Every pregnant woman wants to know her due date, and due dates calculated from a last menstrual period often don't match the due date estimated by the first ultrasound. So naturally one of the most common questions about ultrasound accuracy is: How accurate are the due dates from an ultrasound?
Evidence suggests that, in the first 20 weeks of pregnancy, due dates generated by the first ultrasound may the most accurate tool for predicting your baby's birth. But ultrasound due dates have a margin of error of roughly 1.2 weeks, so doctors will usually keep the original due date (from your last menstrual period date) if the ultrasound due date is within that margin of error.
If you can't remember your last menstrual period date or have consistently irregular cycles, the doctor can use an early ultrasound to give you a fairly reliable due date.
When Dates Don't Match
If your first ultrasound returns a due date more than 1.2 weeks away from what was expected, there is a good chance that everything is still fine. You may have simply conceived earlier or later than you thought you did (which can happen if your cycle is at all irregular or if you remembered your last menstrual period date incorrectly).
Your doctor might want to repeat the ultrasound to make sure that your pregnancy is developing as it should. Assuming the subsequent ultrasound shows the expected growth for the time period between the scans, your doctor may revise your due date to match the first ultrasound's predictions. And as long as the repeat ultrasound shows consistent growth and there are no signs of problems, there is no reason to be concerned if your doctor changes your due date.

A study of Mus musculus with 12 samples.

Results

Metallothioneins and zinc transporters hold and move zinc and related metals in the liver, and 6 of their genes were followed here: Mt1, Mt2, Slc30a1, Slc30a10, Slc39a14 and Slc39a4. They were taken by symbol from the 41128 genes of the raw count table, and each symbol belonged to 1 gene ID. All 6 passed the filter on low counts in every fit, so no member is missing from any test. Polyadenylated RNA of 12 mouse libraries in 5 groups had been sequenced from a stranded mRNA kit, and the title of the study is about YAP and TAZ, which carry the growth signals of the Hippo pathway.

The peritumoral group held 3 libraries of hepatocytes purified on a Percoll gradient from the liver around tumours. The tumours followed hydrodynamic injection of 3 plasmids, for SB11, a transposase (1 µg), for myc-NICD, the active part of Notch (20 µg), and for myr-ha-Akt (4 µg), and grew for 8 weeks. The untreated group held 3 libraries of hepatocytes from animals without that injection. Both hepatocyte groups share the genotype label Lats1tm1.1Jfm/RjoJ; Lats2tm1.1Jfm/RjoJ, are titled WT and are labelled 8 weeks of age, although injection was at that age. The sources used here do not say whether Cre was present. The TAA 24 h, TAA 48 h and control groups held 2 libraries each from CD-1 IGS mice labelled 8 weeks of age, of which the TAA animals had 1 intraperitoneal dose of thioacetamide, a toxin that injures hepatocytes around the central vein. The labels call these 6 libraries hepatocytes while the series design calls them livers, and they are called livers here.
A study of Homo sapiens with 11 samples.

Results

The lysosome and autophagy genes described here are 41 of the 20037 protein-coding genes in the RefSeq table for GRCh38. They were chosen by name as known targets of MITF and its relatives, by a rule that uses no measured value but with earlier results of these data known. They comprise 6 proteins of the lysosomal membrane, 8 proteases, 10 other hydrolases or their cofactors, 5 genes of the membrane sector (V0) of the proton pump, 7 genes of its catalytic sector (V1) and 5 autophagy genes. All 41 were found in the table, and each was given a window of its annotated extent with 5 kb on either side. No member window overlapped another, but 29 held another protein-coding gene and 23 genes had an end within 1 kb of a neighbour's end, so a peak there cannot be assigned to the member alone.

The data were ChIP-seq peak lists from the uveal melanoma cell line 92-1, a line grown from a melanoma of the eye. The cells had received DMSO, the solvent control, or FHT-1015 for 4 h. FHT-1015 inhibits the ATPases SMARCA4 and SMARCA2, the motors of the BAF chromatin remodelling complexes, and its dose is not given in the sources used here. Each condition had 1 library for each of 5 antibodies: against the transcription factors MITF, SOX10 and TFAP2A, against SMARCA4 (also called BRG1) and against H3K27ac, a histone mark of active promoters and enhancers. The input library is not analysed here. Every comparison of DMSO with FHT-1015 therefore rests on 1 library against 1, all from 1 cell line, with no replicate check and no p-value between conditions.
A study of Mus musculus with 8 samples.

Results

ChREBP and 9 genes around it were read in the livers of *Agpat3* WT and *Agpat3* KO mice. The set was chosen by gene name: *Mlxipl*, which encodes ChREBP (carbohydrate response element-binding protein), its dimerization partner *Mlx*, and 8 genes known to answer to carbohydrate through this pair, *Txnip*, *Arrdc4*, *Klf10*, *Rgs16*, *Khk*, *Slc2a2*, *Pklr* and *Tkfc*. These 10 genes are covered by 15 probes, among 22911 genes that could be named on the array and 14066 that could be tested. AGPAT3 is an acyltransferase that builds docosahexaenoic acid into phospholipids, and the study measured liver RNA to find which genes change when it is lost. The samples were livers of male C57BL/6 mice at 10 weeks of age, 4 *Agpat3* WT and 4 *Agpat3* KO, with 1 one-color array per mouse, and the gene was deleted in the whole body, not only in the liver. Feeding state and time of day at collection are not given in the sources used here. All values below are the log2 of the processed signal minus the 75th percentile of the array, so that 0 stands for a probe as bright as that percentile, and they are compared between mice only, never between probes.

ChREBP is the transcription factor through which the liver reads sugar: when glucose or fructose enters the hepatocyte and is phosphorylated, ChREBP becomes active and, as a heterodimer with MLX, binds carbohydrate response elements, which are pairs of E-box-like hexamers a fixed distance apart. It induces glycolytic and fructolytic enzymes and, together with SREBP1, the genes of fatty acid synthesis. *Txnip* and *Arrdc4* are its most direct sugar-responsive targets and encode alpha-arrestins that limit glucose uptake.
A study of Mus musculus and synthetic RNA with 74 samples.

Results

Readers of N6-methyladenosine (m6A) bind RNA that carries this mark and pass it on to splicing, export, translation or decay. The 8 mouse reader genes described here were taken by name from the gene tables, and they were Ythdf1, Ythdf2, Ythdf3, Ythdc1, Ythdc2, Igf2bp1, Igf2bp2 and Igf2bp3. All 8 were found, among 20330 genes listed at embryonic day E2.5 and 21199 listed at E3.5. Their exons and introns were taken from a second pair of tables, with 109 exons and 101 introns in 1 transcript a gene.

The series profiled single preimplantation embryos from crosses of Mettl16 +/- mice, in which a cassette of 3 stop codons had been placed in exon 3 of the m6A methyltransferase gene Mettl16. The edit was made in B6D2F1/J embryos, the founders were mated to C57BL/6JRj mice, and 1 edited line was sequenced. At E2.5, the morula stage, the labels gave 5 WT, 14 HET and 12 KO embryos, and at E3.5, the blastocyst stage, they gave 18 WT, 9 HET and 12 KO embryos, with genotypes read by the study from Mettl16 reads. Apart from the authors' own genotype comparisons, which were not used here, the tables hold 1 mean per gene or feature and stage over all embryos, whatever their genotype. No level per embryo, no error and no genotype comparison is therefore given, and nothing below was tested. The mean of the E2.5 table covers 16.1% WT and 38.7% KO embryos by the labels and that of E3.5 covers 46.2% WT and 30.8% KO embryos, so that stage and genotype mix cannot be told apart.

It is common that each ultrasound throughout the pregnancy will return a different due date. Earlier ultrasounds are more accurate for predicting the due date, so doctors will usually use the dates and measurements from the first ultrasound of the pregnancy as a reference.
As the pregnancy progresses, the accuracy of ultrasound for predicting due dates decreases. Between 18 and 28 weeks' gestation, the margin of error increases to plus or minus two weeks. After 28 weeks, the ultrasound may be off by three weeks or more in predicting a due date. Thus, later pregnancy, ultrasound measurements are more valuable for evaluating the baby's growth over time (compared to earlier measurements) than they are for predicting a due date.
Accuracy of Ultrasound Dating. University of Florida. Accessed: Jan. 20, 2009.
Barnhart KT, Simhan H, Kamelle SA. "Diagnostic accuracy of ultrasound above and below the beta-hCG discriminatory zone." Obstetrics & Gynecology 1999. 94(4):583-7.
Mongelli, Max MB BS; Wilcox, Mark MD; Gardosi, Jason MD. "Estimating the date of confinement: ultrasonographic biometry versus certain menstrual dates." American Journal of Obstetrics and Gynecology 1996. 174(1 Pt 1):278-81.